The interesting thing with Adobe products is that they have both features that are most useful to a professional (e.g. CMYK) but also features that are really useful to rank amateurs (e.g graphic styles, context-aware fill). I recommend that everyone start with a free tool and see how you like it. Then look at the feature set of a commercial tool, whether it be Adobe, Xara, or Sai and decide if those features would help you out.
The documents that I put together for my campaign could certainly be put together with Inkscape. However, Illustrator has some features that make it easier for me to put together. I wouldn't want to spend the money on Illustrator until I'd evaluated Inkscape and decided that the feature differences really would save me time and make it worth it.
In my mind its similar to a question of why use a pen, when you can paint with a brush. Vector apps like Xara, Illustrator, Inkscape work like using a pen - hard lines, defined shapes based on lines. Painting is a completely different animal. You need to perform tricks to get a brush to draw a hardline. A painting is nothing like a hand drawing - they are two very different styles. So the argument of whether to use a vector application versus an image editor has nothing to do with the qualities or tools in each program. In general the two create very different things - different styles. Some of us like to draw. Some of us like to paint (some like to do both.) I think of vector like drawing, and think image editor like painting. Truth is, I hate to paint, but I like the results of a good painting. So I accomplish both with the drawing tool, as it works best for me.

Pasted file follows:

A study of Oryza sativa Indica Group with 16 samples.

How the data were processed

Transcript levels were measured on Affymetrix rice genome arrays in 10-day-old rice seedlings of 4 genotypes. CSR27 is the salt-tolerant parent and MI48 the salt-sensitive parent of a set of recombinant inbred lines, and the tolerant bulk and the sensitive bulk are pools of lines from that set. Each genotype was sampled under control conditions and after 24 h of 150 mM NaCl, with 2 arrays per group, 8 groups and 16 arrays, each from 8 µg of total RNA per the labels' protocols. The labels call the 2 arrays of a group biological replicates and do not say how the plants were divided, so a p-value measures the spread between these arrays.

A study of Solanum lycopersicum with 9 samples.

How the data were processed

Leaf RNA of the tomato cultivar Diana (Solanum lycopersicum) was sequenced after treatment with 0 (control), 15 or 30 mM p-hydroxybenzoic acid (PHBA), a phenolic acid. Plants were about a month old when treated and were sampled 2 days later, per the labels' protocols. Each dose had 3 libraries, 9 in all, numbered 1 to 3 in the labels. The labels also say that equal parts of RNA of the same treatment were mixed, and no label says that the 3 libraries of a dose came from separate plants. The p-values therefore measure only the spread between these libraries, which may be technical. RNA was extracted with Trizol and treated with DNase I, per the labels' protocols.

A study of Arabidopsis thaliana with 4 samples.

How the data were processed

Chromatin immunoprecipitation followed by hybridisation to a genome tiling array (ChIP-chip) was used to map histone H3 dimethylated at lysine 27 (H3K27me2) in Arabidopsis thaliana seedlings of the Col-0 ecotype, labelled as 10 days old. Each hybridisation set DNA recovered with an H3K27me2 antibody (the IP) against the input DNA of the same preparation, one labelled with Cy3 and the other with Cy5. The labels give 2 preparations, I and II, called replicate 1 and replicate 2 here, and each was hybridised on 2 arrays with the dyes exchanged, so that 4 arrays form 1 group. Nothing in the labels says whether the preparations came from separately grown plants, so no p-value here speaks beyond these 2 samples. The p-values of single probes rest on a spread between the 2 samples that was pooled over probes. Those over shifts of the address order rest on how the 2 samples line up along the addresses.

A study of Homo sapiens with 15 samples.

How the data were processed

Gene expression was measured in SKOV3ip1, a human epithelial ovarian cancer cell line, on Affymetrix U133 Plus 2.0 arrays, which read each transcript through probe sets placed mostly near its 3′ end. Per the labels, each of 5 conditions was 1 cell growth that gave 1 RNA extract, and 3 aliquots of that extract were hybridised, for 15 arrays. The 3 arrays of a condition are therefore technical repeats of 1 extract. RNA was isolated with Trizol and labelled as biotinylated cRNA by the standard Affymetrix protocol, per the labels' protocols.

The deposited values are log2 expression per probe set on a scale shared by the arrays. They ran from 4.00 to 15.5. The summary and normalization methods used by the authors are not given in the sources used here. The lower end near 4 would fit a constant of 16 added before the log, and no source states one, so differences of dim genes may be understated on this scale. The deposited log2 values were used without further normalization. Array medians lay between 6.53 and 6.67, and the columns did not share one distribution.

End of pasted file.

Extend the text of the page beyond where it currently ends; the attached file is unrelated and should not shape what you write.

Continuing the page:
Really that's what your choice of software is all about - what works best for you. There is no one universal program to best create a map with - it is only dependant on what works best in your hands. Software is just a tool. We, the cartographers, are the artists - choose the artist's tool that works best for you.
PS: lots of software other than Adobe has CMYK functions built in - Xara does and it costs a fraction of what any Adobe program does. Don't let yourself be confused in thinking Adobe is for pros and others are not. I'm a pro and I hardly ever use Adobe products, in fact I create finished work in Xara, work in or export to CMYK (if needed) with final work ready for commercial printing or whatever the end-step is supposed to be. Saying Adobe is for professional work has little weight at all.